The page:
Sen. Rachel May says to address home health aide shortage, state must raise wages
Demand for home health care aides is expected to rise in New York in the coming years, yet a recent study finds that the state will be unprepared to meet that need. Research from the City University of New York (CUNY) shows that on average 17 percent of home care positions are already left unfilled due to staff shortages.
Syracuse State Sen. Rachel May said it's difficult to recruit and reduce turnover in this industry because of the low pay.
"The average home care aide makes about $22,000 a year, which is poverty level," May said. "We’ve heard from lots of home care workers that they like the work, they want to do this job, but they just can’t afford to."
So May has introduced a bill to raise pay for home health aides and personal care aides to 150% of the minimum wage. CUNY estimated that any increase in salaries for home health aides would require significant state resources but that it would pay for itself through increased individual spending, fewer people relying on state-funded public assistance programs, higher tax revenues, and a beneficial economic spillover.
"The studies show we would be better off financially as a state and our local economies would be better off because when you put money in people’s pockets, they spend it, and then there would be more people going into healthcare," May said.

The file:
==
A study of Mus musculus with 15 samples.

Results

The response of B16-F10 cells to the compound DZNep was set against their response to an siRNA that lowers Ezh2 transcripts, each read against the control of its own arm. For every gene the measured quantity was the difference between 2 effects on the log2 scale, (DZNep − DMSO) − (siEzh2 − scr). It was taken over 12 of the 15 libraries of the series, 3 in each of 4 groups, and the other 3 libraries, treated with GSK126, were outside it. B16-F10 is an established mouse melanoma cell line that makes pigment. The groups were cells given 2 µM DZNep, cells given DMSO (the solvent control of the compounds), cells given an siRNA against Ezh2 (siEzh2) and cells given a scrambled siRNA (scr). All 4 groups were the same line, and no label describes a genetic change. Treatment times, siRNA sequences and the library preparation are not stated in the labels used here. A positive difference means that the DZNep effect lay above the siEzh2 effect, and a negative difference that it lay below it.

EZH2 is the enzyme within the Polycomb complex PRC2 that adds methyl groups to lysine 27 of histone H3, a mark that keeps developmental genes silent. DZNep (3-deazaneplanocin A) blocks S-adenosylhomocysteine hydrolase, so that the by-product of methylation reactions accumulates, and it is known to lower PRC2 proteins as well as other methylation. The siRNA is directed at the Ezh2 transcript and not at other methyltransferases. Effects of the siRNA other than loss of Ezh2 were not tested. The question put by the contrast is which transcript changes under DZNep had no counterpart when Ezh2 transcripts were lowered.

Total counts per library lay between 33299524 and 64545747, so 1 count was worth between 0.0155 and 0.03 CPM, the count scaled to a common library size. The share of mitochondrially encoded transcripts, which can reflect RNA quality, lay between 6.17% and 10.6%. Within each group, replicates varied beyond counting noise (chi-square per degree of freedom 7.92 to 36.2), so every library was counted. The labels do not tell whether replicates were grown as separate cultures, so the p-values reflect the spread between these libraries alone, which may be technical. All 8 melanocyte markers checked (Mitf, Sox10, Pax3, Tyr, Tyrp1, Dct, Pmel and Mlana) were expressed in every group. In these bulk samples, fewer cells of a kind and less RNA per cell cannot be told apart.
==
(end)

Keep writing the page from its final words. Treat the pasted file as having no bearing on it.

It could also address the growth in demand for these workers, which is only expected to increase after viral outbreaks of COVID-19 at nursing homes and the limited access families had to their loved ones during the last year.
Kathy Febraio is the president and CEO of the New York State Association of Health Care providers, which advocates on behalf of home health care agencies. She said agencies support higher wages for their workers, but the state has to help shoulder the cost.
"We far too often are experiencing cuts in reimbursement rates year over year and how does an agency invest in its workforce when rather than receiving increases, they are receiving decreases, something has to give" Febraio said. "We are concerned that new wage mandates will only accelerate the financial challenges of home health care agencies. We are interested in the conversation, we just want to ensure that it is balanced approach that will help everyone."
New York lawmakers have proposed restoring previous cuts to long-term Medicaid funding in this year's budget and ending the cap that limits annual spending on Medicaid. A vote on the budget is expected this week.